An Almost-Memory

What better way is there to start something new than with a question?! A few years back, I wrote a micro-story prompted by one single word: tree-line. I wrote it fast, in a hurry. (Being a flat-lander, I didn’t even think of the primary connotation of that word and applied it horizontally.) The result surprised me because it was a style I had never used before — poetic, sensory, with a pinch of supernatural. A memory, but not quite.

I’ve been going back to that story in my head quite often since then. A part of me feels like it would be exciting to develop that almost-memory and write more. Maybe it’s because I haven’t been in a snowed-up  forest at night in quite a few years, and I miss it. Another part of me is skeptical: perhaps it’s better to just let it be and stand on its own…

Here’s where you come in: What do you think? Should I continue or let it be?


TREELINE

I look out the window, my forest in sight – a black bristling mass ensconced in the bright bluish-white light that is the snow. I stare for a while, entranced, music in my head. I am coming.

I take my dog and walk out the door. Anticipation rises… and falls echoing my breathing. Will they be there?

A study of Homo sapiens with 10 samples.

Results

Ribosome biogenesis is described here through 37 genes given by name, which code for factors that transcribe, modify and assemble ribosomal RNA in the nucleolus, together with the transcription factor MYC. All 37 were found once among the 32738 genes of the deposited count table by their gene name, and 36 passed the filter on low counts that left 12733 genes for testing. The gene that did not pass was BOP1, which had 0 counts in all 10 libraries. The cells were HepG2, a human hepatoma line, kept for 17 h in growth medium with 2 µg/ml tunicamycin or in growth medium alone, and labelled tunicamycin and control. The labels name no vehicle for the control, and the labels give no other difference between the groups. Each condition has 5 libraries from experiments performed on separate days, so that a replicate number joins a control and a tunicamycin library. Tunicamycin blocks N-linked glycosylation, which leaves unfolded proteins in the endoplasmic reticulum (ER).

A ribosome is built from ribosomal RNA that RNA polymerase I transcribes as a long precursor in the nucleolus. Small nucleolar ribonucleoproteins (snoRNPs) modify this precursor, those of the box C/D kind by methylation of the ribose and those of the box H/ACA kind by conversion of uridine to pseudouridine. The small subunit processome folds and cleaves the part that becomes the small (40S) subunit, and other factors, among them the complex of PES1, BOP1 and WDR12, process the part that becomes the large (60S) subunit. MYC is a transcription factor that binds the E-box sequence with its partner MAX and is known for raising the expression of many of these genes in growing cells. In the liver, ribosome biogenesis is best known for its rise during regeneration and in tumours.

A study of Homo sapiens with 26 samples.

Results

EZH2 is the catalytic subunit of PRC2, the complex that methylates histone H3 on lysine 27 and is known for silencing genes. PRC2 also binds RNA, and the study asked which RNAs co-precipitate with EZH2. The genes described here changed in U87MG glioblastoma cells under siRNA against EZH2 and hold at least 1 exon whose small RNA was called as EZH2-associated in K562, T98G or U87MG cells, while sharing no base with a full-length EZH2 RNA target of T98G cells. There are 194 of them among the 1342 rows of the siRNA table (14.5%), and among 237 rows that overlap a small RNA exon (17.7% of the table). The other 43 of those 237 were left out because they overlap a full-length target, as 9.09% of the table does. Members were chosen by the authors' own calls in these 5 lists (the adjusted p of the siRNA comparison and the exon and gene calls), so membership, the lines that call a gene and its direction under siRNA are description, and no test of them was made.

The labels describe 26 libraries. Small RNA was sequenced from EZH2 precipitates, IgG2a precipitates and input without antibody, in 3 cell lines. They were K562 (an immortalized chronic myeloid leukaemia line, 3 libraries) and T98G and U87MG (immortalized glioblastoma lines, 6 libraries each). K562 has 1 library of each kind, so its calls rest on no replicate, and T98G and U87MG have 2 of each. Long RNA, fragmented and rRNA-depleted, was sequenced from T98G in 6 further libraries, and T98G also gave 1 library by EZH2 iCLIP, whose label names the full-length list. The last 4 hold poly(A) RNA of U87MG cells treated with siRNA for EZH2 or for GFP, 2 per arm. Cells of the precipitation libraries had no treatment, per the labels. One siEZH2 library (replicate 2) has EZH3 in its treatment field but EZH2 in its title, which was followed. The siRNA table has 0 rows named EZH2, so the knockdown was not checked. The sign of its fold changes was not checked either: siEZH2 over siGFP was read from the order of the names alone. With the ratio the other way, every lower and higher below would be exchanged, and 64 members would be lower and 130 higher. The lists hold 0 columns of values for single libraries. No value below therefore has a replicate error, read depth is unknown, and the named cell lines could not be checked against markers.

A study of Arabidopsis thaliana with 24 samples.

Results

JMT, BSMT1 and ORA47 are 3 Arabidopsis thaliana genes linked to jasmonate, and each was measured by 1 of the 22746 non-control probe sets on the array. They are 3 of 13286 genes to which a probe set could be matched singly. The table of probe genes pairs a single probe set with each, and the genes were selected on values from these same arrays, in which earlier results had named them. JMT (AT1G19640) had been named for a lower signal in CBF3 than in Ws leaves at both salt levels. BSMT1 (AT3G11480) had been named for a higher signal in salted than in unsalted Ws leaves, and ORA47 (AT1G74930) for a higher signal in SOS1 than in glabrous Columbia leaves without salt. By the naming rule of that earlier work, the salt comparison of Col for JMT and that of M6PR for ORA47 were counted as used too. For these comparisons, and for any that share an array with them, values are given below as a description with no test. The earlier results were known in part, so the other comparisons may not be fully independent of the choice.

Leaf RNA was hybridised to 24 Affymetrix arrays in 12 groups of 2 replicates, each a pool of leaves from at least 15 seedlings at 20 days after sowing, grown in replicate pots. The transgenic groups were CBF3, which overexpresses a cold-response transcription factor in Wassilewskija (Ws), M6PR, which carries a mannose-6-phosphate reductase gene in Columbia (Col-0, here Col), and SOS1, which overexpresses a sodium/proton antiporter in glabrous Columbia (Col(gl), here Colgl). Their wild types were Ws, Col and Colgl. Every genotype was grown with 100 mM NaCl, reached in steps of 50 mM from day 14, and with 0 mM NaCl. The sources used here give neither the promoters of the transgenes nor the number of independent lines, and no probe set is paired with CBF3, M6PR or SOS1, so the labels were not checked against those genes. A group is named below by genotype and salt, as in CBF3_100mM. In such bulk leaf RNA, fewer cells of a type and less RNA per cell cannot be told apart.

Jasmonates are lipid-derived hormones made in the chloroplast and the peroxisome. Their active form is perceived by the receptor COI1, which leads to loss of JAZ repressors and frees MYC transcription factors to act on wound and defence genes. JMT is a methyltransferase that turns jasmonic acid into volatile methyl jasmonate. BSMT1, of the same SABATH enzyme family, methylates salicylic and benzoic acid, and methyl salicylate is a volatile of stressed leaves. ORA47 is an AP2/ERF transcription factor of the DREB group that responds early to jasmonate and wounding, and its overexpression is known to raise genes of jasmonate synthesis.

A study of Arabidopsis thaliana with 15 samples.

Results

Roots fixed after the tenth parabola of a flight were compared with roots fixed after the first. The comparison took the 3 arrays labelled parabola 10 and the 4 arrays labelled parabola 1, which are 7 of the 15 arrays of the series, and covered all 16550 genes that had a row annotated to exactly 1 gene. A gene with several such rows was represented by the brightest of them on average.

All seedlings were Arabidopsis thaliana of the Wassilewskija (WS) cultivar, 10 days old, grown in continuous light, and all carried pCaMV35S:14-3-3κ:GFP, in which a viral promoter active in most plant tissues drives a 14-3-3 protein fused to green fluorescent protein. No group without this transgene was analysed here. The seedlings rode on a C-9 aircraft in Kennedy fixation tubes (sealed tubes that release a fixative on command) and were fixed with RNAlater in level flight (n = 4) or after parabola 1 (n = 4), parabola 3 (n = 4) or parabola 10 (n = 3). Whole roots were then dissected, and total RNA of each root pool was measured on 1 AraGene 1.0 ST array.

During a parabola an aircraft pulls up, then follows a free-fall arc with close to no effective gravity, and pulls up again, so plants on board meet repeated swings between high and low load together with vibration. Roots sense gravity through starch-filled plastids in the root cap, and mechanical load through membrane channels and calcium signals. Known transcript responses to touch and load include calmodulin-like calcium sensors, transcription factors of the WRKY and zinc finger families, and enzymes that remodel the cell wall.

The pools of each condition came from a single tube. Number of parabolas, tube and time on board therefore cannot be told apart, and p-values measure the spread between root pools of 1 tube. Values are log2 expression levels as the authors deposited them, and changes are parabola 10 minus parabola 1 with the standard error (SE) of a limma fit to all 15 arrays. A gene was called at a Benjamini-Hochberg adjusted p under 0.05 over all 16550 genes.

It is cold, very cold. The exhale lingers in front of my face, a thick cloud of white steam. The night is still as time itself. I am close. I move slowly but steadily, every step a celebration of the purifying solitude. The dog darts around me, an extension of myself, a sixth sense.

We are alone, at last. I feel quietly exhilarated if only a bit scared. But that’s good. Fear is a creative force.

We advance along the tree line, a frozen meadow melting into it. We are listening, making stops and taking in the air as if for clues of their presence. But they would never give themselves away like that.

Suddenly, the dog disappears into the trees for a moment and then peeks out happily, tongue hanging out, inviting me in. I hesitate and cross the line into the dark comfort of the forest. Not a sound.

I sit under a tree, looking up, waiting. They are watching, I sense it. Somehow I imagine them having bright-orange eyes, almost as if filled with fire. They are deep, prolonged and all-knowing. Of course, I have never seen them. There is no need. I can hear them. With my skin, with my whole body.

My eyes are closed. I am dancing. I am one with the trees.